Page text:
At WiseGEEK, we're committed to delivering accurate, trustworthy information. Our expert-authored content is rigorously fact-checked and sourced from credible authorities. Discover how we uphold the highest standards in providing you with reliable knowledge.
A master socket is a panel at the point where the telephone company's wiring enters the wall. On one side of the socket, the wiring is the phone company's responsibility, and it must pay for any necessary service and repairs. On the other, the tenant is responsible. This arrangement is common to telephone companies in many regions of the world, but the term “master socket” and accompanying specific technology are primarily associated with British Telecom.
When phone service is ordered at a new structure, the phone company will install wiring and a master socket. The configuration has varied throughout the years. Historically, the socket had a single flat faceplate, and the wiring inside belonged to the phone company while the customer plugged into sockets at the front. More modern arrangements have a fixed upper faceplate and a movable bottom portion. This allows tenants to work on the wiring within part of the socket to set up extensions, DSL features, and other things.
Some master sockets come with DSL filtration built in. This can improve the quality of a DSL signal, even when customers are not actively using extensions. This is more common in modern sockets, which may be installed this way by default in case a house decides to order DSL service. In other cases, consumers can set up their own filters, or can hire a phone technician to install them if they are not comfortable with the wiring.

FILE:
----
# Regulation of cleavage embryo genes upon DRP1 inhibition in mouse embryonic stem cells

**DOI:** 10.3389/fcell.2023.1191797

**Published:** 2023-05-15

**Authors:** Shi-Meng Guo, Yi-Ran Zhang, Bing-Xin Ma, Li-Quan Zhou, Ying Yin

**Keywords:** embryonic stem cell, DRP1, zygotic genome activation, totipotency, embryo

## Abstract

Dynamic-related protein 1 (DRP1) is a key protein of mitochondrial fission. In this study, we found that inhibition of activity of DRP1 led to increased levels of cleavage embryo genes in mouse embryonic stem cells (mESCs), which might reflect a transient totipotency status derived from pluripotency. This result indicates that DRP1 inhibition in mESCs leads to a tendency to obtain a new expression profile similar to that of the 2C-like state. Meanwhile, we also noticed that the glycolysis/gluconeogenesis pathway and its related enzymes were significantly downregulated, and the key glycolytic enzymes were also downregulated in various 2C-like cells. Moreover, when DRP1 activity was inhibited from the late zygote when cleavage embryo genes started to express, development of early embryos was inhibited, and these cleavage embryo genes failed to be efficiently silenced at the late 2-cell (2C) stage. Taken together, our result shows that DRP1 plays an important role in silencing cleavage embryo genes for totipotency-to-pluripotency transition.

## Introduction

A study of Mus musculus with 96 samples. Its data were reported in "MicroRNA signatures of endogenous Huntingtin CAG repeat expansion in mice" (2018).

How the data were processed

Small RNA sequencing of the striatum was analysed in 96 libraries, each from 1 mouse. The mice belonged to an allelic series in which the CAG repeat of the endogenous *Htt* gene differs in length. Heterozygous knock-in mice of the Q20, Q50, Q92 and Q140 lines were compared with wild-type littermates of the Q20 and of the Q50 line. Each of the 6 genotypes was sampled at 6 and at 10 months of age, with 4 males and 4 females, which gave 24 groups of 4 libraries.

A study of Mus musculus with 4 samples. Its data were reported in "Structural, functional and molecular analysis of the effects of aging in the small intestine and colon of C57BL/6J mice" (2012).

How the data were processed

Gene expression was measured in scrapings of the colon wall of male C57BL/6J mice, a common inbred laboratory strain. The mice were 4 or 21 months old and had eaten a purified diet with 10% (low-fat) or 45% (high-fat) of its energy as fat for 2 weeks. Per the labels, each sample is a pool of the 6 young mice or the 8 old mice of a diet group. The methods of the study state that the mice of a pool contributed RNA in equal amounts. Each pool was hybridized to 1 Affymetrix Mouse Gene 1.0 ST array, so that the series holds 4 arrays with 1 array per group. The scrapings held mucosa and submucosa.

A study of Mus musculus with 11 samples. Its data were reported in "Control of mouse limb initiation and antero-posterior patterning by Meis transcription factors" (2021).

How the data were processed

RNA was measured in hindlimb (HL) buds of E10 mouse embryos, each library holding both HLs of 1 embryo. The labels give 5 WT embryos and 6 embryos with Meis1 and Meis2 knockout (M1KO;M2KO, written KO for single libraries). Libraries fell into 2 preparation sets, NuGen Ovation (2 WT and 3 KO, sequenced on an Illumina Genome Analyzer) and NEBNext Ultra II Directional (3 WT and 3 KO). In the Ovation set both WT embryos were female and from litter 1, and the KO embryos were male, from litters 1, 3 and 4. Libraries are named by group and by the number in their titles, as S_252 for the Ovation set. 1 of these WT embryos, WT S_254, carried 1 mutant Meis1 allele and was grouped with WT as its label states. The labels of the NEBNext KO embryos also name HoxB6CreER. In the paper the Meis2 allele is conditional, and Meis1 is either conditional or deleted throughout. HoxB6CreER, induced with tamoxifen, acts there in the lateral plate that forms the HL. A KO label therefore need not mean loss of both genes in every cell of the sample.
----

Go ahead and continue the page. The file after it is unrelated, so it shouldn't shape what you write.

Within the master socket, several features distinguish it from other sockets that may be located elsewhere in the structure. One feature is the capacitor for the ringer tone, and another is voltage protection to limit damage from voltage spikes. It also has fittings for remote testing and sensing. Even if a line is not active, the phone company can run tests through it in preparation for starting service or to troubleshoot a problem.
Phone customers who contact the phone company for assistance with a problem may be asked a series of questions by a technician to determine whether the problem is within the structure or on the outside. A representative of the phone company can test the master socket and lines and provide information about the problem. If the issue is inside the structure, customers can select a repair person to address the issue. Sometimes phone problems are simple, and tenants may be able to solve them with the assistance of diagrams and step-by-step guides, available online at do-it-yourself repair sites.